CEM-Positive Horses Under Quarantine in Wisconsin

Two Lipizzaner stallions in Dane County, Wisc., are enjoying the dubious honor of being the country's first cases of contagious equine metritis (CEM) since 1998.

The Office International des Epizooties (OIE, or World Organization for Animal Health) reported the positive tests via a ProMED-mail post Oct. 16.

CEM is an acute, highly contagious bacterial infection that often causes no clinical signs in affected horses. It can cause infertility in stallions and mares, as well as abortion.

Robert Ehlenfeldt, DVM, Wisconsin state veterinarian, said the stallions have been quarantined along with 16 other horses kept at their home farm. Ehlenfeldt said he does not believe the positive horses have been bred to any outside mares.

Ehlenfeldt said the stallions were imported from Germany in 2004.

"Up until this year, they were primarily being used for research on semen extenders and preservatives," Ehlenfeldt said. "The problem was discovered during a breeding soundness exam."

Test mares bred to the stallions have not tested positive for Taylorella equigenitalis, the bacteria responsible for the infection. The positive stallions are currently being treated.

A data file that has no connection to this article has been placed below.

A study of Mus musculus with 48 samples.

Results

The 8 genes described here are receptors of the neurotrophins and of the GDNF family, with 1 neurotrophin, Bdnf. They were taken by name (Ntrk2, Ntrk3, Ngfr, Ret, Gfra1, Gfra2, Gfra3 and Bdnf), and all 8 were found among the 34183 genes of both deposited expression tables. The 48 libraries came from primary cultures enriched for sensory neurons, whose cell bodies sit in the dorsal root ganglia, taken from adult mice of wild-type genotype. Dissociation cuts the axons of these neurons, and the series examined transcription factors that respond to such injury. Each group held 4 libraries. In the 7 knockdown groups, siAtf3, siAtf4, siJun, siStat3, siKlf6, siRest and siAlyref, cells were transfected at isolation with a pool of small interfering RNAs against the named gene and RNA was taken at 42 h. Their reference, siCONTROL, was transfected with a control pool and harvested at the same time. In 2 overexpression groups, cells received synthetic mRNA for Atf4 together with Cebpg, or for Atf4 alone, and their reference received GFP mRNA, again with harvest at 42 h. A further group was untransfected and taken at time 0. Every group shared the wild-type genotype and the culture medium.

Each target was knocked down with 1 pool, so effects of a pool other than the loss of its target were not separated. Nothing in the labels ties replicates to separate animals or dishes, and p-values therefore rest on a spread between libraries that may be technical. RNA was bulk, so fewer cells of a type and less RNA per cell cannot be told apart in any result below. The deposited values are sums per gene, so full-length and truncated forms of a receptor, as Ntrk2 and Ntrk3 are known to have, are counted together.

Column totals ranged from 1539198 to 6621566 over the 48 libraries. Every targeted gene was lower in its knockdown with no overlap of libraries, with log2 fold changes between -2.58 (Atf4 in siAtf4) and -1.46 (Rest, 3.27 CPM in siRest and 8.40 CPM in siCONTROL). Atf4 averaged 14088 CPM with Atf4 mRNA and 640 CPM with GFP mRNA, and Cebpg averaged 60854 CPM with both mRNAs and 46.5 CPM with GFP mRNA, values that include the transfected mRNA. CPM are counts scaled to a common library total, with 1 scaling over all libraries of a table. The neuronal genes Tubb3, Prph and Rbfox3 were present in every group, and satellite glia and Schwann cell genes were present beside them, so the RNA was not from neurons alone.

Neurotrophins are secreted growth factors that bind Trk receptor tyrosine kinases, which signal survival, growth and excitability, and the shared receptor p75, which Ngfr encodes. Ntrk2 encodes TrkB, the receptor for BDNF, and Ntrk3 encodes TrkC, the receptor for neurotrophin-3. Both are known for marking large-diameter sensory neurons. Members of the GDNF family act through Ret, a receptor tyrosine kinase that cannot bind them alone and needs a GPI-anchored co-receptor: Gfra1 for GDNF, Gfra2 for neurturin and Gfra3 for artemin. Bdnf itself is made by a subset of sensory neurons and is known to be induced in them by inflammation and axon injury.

CEM was last reported in the United States in 1998. A major outbreak in 1978 had devastating effects on the Kentucky Thoroughbred breeding industry, leading to the eradication of the disease within U.S. borders.

Ehlenfeldt said the discovery of the infected horses has not resulted in any travel restrictions in Wisconsin. Japanese officials are currently requiring that horses being imported from the United States be certified as coming from facilities free of CEM for at least 60 days, while the Republic of South Africa has halted all importation of horses from the United States.

About the Author

Erin Ryder

Erin Ryder is a former news editor of The Horse: Your Guide To Equine Health Care.